Columbiana County Career and Technical Center making face shields
LISBON — Plastic face shields being made at the Columbiana County Career and Technical Center are among the personal protective equipment donated to the county Emergency Management Agency.
EMA Deputy Director Brian Rutledge said the county Educational Service Center’s Jeff Gill is making the shields on 3-D printers and other equipment at the CTC. He said Gill has produced 30 so far, with another 45 expected Thursday.
As production lab instructor at the ESC, Gill works closely with 10 local school districts, including the CTC, in implementing their science, technology, engineering and mathematics (STEM) curriculum, which includes the use of 3-D printers.
When the EMA issued the call several weeks ago for personal protective devices in response to the coronavirus crisis, Gill began investigating how they could use existing 3-D printers at the CTC and other equipment to produce face shields.
After doing some research with the help of his fellow instructors, he determined the 3-D printers could produce the plastic head bands to hold the shields in place. Gill wanted to make the shields from plexiglas but he did not have any, nor was he confident he could obtain any.
Instead, Gill turned to transparencies, those clear paper-size sheets of thin plastic that are turned into visual overlays by teachers on overhead projectors. He was able to turn them into face shields using the CTC’s laser engraver.
“If transparencies worked, I already had a lot and I knew I could get a lot more,” Gill said. He contacted his fellow educators and they began sending him boxes of their unused transparencies.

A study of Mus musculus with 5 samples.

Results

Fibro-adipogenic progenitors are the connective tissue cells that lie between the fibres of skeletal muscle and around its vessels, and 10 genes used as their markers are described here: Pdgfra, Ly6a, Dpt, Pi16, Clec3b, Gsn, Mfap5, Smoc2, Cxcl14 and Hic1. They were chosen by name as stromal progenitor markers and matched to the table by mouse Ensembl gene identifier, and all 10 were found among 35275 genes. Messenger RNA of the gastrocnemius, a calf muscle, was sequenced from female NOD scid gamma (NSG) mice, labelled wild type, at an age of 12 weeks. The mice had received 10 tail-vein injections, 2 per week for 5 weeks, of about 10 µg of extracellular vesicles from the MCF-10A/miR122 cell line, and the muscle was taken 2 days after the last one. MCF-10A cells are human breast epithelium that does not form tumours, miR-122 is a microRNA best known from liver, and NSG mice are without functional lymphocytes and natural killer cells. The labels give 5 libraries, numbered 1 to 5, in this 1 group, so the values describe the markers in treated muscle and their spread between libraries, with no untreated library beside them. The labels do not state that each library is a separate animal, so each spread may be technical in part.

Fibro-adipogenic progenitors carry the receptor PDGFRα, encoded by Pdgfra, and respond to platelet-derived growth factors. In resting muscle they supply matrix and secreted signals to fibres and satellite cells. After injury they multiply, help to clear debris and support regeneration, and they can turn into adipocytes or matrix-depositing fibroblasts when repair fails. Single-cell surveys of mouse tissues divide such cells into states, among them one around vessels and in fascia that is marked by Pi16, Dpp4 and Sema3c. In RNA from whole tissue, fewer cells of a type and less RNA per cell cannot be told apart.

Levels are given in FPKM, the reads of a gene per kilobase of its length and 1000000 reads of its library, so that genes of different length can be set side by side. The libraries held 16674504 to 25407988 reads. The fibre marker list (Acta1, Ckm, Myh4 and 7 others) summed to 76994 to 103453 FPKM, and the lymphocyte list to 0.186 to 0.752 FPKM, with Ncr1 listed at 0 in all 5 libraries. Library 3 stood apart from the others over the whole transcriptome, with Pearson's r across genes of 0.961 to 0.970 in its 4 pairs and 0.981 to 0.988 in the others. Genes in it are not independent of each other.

Rutledge said the first group of shields are being made available to ambulance crews since they never know what to expect when responding to a call.
“I sure hope they’re useful. They’re clear enough you can read through them and will prevent stuff from getting on your face,” Gill said.z
He will be able to produce 45 shield masks per day until his supplies run out in another week or two. If the EMA needs more, he will try to procure more materials.
Rutledge said some of the school districts have also donated unused masks and gloves that were left over from the swine flu outbreak in 2009. “Whatever they had they gave to the EMA,” he said.
Paladin Brewing, which switched from making craft beer to hand sanitizer, dropped off 12 half-gallon containers, and individuals have also donated hand sanitizers.
Rutledge said everything they have received so far has been either given to ambulance crews or people who work in nursing and assisted living facilities because they were in the most immediate need. Supplies will also be made to first responders, like police and fire.
He said the local hospitals are already receiving supplies directly from other sources and from the state via the health departments.